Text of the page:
Trump sets new Christmas record: Finally makes first visit to combat troops

President Trump and the First Lady made a secret visit to troops in Iraq late on Christmas night

By Matthew Rozsa

Staff Writer

Published December 26, 2018 1:07PM (EST)


Update: President Trump and the First Lady made a secret visit to troops in Iraq late on Tuesday, White House press secretary Sarah Sanders tweeted after this report was published on Wednesday.

The day after Christmas, President Donald Trump appeared to be the first modern president to not personally visit military personnel around Christmastime. His surprise visit to  Al Asad Air Base on Wednesday was the president's first visit to troops in an active combat zone since taking office.

The last time a president did not personally visit troops during Christmastime was in 2002, when President George W. Bush refrained from doing so in the run-up to the second Iraq War, according to NBC News. He also did not visit troops for the holiday season during the first year of his presidency in 2001, although he made a point of continuing that tradition during the final six years of his administration (2003, 2004, 2005, 2006, 2007 and 2008). His successor, President Barack Obama, made a point of visiting military personnel at Marine Corps Base Hawaii, in Kaneohe Bay, every Christmas he was in office (spanning Christmas 2009 to Christmas 2016).

Although Trump did place calls to troops stationed around the world, this is not the same thing as literally meeting with them face-to-face.

This isn't the first time that Trump has aroused controversy over his seemingly insufficient activities on behalf of America's servicemen. He has also been criticized for canceling a planned visit to an American military burial ground in France from World War I (his excuse was the inclement weather) and for not going to Arlington National Cemetery for a Veterans Day visit.

Trump's refusal to visit the World War I burial ground was particularly controversial, with Sir Winston Churchill's grandson tweeting at the time that "they died with their face to the foe and that pathetic inadequate  couldn’t even defy the weather to pay his respects to The Fallen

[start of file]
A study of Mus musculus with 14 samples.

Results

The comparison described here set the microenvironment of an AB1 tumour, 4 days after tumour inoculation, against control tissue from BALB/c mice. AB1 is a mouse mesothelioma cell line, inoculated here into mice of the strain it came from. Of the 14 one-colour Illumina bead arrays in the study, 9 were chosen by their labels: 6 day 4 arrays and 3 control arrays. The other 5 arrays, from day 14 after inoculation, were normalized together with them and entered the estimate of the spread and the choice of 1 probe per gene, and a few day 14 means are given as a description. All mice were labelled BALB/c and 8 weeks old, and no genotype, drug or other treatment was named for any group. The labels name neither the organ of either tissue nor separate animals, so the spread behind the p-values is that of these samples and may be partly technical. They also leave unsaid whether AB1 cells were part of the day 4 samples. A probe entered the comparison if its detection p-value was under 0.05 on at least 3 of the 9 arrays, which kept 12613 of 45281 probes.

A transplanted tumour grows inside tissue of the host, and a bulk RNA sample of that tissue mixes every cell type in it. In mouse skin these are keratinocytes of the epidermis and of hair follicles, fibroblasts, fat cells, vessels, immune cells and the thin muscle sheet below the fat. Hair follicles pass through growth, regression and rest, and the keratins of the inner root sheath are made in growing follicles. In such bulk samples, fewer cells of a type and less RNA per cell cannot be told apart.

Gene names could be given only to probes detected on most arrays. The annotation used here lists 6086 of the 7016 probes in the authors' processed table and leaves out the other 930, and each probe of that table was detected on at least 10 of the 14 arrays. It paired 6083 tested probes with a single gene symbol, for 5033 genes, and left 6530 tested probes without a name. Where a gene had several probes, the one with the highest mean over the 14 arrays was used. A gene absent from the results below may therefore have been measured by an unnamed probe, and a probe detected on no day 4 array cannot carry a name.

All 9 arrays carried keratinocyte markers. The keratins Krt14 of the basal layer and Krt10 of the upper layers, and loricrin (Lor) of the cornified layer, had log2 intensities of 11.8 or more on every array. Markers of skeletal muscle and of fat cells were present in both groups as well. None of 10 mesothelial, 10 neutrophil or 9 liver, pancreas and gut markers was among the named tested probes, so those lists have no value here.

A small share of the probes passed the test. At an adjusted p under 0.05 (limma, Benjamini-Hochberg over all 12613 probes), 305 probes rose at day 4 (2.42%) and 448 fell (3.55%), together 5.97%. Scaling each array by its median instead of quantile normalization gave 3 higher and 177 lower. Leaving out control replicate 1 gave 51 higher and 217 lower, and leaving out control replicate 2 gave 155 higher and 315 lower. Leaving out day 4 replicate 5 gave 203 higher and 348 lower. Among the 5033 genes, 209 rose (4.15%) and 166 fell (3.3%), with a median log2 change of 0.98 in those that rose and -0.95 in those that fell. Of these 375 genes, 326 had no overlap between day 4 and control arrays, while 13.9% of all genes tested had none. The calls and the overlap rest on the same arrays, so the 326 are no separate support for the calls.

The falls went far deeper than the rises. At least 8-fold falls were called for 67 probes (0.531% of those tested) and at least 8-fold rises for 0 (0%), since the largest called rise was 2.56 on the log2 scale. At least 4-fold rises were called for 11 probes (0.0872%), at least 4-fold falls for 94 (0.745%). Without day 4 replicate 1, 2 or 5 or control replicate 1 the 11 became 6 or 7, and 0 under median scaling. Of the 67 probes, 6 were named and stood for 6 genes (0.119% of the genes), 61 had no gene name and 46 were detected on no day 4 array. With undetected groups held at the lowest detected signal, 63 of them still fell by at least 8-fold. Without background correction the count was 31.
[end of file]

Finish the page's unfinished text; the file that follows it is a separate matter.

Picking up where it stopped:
Trump's loyalty to his country has been called into question since the beginning of his presidency due to allegations that his presidential campaign colluded with Russian government officials in order to win the 2016 election. It was exacerbated last week when Trump suddenly announced that he was withdrawing US troops from Syria, a decision that seemed to benefit Russian geopolitical interests more than those of the United States — and prompted Secretary of Defense Jim Mattis to resign in protest.

"It's an unfixable situation once it happens," Bill Browder, an American-born British financier who has become a leading international advocate for harsher sanctions against Russia and is wanted by President Vladimir Putin on trumped up charges, told Salon last week. "Basically we've been in a situation when the US didn't enforce the red line in Syria after Assad started using chemical weapons and they created a situation where we had to ask their permission to fly over certain parts of Syria. The troops that we have in Syria are there and established and give us some degree of latitude in that part of the world. The moment we pull out, that's it. We'll have to ask the Russians for permission to do anything in Syria. This is the best Christmas gift that Putin could have ever gotten from Trump."

By Matthew Rozsa

Matthew Rozsa is a staff writer at Salon. He received a Master's Degree in History from Rutgers-Newark in 2012 and was awarded a science journalism fellowship from the Metcalf Institute in 2022.